Wednesday, June 3, 2015
The Cycle Begins
I leave this morning for Province IV Synod at Kanuga, which means that it's time for this blog to begin to feature posts related to General Convention. Of course, these aren't the first. I've posted on things like the election of the Presiding Bishop and the proposed reforms in the TREC report. This, however, begins that cycle of General Convention posts in earnest. I'll still post on the lessons for Sunday, on the Daily Office, and on other church issues, but, between now and July 4, this blog will even more filled with church geekery than usual.
A few months ago, a clergyman from our diocese asked me what the "big issues" at this year's General Convention would be. By that, he didn't mean controversial issues, he meant the sort of issues that would have an impact in his parish. After some thought, I identified four issues. For now, they still seem like the big issues, but my time at Province IV Synod will give me a better idea.
First, the election of the PB. Although, as I've written, the bulk of that decision belongs only to the House of Bishops, this is a decision that will have substantial implications throughout the Episcopal Church--from the Church Center in New York to the smallest parish in rural Alabama. We pray for this person by name every Sunday. Although not an archbishop, the PB often speaks for the whole church. Whomever the bishops elect and deputies confirm will make a big difference in our church.
Second, the marriage canons. The Taskforce on Marriage released its report, including some substantial changes to the way we define marriage. Among other streamlining moves, the big change is to remove the language about one man and one woman from the canons. For many in the Episcopal Church, this feels like an inevitable change. Many states allow same-sex marriage, and, despite contradicting the canons, many bishops already allow it in their dioceses. So what's the big deal? It's a huge deal, especially in places like Alabama, where same-sex blessings are permitted but same-sex marriage is not--a canonical distinction our bishop maintains.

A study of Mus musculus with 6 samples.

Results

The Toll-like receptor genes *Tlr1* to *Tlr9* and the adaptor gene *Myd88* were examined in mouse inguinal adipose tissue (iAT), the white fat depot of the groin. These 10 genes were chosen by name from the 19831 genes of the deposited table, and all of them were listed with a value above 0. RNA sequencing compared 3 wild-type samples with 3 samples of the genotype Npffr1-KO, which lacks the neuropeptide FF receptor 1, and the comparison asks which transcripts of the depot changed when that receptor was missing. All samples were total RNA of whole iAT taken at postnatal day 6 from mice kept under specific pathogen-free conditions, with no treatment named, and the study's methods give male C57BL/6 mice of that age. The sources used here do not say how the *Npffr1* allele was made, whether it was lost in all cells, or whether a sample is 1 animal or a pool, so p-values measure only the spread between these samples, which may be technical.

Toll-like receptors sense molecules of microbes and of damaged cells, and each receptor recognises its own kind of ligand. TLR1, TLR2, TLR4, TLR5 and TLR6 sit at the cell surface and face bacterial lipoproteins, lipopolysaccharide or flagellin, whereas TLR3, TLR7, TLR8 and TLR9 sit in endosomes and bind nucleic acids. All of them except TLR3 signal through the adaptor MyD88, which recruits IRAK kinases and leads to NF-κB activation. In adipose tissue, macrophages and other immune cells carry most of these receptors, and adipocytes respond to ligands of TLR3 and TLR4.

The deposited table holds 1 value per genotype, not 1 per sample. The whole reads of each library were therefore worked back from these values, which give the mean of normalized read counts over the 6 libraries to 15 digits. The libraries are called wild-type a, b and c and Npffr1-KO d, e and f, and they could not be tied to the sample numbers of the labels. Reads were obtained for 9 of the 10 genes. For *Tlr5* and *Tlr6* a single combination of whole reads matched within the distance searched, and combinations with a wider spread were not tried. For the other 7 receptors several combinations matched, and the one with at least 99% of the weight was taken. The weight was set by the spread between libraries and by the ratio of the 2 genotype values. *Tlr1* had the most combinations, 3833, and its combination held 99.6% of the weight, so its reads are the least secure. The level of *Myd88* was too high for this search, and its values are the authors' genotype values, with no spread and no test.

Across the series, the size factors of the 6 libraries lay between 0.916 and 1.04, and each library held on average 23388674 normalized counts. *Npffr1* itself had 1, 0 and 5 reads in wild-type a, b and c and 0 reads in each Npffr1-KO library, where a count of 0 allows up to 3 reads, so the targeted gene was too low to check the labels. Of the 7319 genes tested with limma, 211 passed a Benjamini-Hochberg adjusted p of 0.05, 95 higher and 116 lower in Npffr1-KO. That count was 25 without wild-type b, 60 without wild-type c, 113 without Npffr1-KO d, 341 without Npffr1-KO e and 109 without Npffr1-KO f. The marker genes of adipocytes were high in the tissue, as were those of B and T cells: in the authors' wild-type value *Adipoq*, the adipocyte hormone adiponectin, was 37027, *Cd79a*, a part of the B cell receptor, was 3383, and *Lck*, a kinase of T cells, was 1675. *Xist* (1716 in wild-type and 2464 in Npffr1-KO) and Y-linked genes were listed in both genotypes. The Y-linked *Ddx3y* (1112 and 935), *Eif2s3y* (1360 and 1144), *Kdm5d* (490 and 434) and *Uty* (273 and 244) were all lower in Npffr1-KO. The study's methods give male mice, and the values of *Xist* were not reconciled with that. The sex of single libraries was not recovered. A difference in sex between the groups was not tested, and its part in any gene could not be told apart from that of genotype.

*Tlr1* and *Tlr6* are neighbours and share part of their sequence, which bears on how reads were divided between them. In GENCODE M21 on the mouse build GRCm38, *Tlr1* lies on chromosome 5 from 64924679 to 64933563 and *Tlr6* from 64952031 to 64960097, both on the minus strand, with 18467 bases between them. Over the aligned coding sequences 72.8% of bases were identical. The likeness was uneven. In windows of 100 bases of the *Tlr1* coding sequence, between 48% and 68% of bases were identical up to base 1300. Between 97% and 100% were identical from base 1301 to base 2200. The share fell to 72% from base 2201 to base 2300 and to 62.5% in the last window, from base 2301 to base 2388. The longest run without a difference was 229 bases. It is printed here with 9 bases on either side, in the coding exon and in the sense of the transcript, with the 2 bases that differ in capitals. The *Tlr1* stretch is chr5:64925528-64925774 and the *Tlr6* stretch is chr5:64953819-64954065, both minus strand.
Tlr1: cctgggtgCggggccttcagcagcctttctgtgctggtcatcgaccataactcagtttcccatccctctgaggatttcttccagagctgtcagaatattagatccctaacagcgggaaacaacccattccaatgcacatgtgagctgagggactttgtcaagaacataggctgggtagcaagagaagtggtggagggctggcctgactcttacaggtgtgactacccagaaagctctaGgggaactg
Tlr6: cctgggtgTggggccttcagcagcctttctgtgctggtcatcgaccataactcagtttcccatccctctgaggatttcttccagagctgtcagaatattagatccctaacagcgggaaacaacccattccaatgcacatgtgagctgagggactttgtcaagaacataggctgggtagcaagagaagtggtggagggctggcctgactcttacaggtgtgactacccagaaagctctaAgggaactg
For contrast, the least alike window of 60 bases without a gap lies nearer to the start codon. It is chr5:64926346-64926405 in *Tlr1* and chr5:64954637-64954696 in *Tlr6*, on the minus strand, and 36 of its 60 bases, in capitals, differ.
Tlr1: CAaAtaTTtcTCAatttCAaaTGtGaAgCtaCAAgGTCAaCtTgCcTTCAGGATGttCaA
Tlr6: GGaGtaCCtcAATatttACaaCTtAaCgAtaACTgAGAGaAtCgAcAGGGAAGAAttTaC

Third, the spirit of reform. At the last meeting of the General Convention, we were caught up a moment for change. We unanimously passed the resolution to appoint a task force to work on restructuring the church. This time, we have the TREC proposals to consider as well as other proposals from groups like the Acts 8 movement and from individual deputies. What will this mean for the local church? Immediately, probably not much, but, as those reforms take hold and reshape our church at the highest levels, those changes filter down and make a difference. I believe these will be the real focus of this General Convention, but I think the impact on local parishes will be delayed.
Fourth, the budget. This year's approach to the budget has a very different feel. **After a very helpful and much appreciated phone call from Gay Jennings, I've learned I need to change the way I describe the updated budgeting process in this blog. The process itself isn't completely different. No, we weren't starting from scratch at General Convention. But this year, unlike before, there has been a clear and transparent process beginning all the way back with Executive Council's work. They asked for input all along the way, so it feels like the whole church has been involved in the budgeting process instead of springing the draft budget upon the whole church relatively close to Convention. So, as we approach Salt Lake City, I sense that we've all had a chance to shape the budget from the front end instead of only getting a voice in those chaotic PB&F hearings. (Thanks, Susan Snook, Gay Jennings, and the other ExCon members who worked so hard on this.) Plus, the content has changed, too. In this draft budget, there's a shift away from institutional priorities and toward local priorities. That's seen in a large budget for starting new ministries and in a scheduled reduction of the diocesan apportionments. In short, the amount each diocese will be asked to contribute will be reduced over the next triennium, which means each diocese will, in theory, have more money to do local ministry.
There will be more, of course. There will be surprises. General Convention takes on a life of its own, and it will take me a while to figure out what's going on. I'm thankful to be going back for a second time as a deputy, and I look forward to sharing some of my experience here.